Saturday, July 20, 2013

Moonlanding Day: Witnessing that Small & GIant Step. Thanks Dad.


On July 20, 1969, at 8:00 p.m. I had to go to bed, just like any other night.

But at 10:30 p.m., my father woke my brother and me up. It’s one of the kindest things he ever did for us, making sure that since we were on the planet, we would see this event to top all events live, not just in replay.

I was in a dead sleep when he came to wake me. I remember getting up, completely groggy, and being freezing. We got downstairs, and I was so cold my dad got a blanket to wrap me in. My mom had wine glasses filled with Tom Collins soda for us. The images on the little black and white tv were shadowy, but defined.

I don’t remember us talking much. but it didn’t matter. The family was together, waaay past my bedtime, joining the world in watching a man broadcasting images from the surface of the moon. It’s the kind of first-person experience for which there is no substitution.

I had watched all the lead-up to coverage the whole day, some of which I actually remember. I know it was the first time I saw the Melies Brothers, A Trip to the Moon. 

I don't think I ever fully woke up at 10:30pm. I probably stayed up until midnight and then went back to bed. But I cherish those moments of first witness like no other because it was a celebration of one of humanity’s greatest accomplishments. Most other “where were you” moments are of death and destruction.


Fly Me to the Moon
Ever since Leto gave birth to Apollo and Artemis, the Sun and the Moon have filled our thoughts and helped to inform our longings. When I see the moon rise in my living room window, I marvel at its mutability: sometimes appearing low and large in the sky, sometimes red and small.

Shelley wrote a winsome poem about the orb, so quietly powerful that it sets the tides and rules the cycles of women:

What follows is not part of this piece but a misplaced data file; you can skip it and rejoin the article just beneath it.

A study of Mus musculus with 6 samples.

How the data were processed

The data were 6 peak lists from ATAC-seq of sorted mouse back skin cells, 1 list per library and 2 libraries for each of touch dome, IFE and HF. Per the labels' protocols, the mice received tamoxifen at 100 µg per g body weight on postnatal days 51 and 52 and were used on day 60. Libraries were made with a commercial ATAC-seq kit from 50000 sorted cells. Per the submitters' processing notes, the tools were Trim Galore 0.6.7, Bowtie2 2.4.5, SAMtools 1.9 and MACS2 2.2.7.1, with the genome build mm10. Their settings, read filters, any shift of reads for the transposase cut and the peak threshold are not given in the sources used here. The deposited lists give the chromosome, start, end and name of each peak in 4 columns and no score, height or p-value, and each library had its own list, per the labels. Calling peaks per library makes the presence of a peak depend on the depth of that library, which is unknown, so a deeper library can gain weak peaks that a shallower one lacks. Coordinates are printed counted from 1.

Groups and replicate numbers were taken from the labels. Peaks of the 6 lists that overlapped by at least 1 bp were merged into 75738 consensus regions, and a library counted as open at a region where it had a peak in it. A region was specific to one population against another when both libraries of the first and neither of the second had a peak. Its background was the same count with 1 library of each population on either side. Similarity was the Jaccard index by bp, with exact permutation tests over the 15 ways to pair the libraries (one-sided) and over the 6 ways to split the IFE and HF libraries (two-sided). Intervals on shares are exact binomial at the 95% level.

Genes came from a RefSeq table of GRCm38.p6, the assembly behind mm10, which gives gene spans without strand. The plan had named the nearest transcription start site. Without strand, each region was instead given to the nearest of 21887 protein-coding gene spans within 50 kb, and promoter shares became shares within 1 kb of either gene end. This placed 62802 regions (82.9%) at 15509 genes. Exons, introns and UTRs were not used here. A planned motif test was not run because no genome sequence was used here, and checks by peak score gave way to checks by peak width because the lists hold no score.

Art thou pale for weariness
Of climbing heaven and gazing on the earth,
Wandering companionless
Among the stars that have a different birth,
And ever changing, like a joyless eye
That finds no object worth its constancy?


And Van Heusen and Burke wrote a lovely song “Moonlight Becomes You,” that Crosby owned.

“If I say I love you
I want you to know
It’s not just because there’s moonlight
Although, moonlight becomes you so.”

The issues surrounding NASA and the space program are serious ones. But on each anniversary, it’s enough to honor the vision, and accomplishment, of the first humans to visit the Sea of Tranquility.


2 comments:

kathleenmaher said...

Such a rich recollection, M.A.
I would not have noticed the anniversary and can not remember seeing the moon walk at the time.
Perhaps I didn't. It's difficult to imagine my parents weren't interested and usually I paid keen attention to whatever concerned them. But with this, I've seen only re-plays, which never look real to me.

M.A.Peel said...

Thanks Kathleen. That "unreal" look to the footage lead to years of conspiracy theories that the landing happened on a sound stage in Hollywood. Which was the subject of the movie Capricorn One, with OJ Simpson!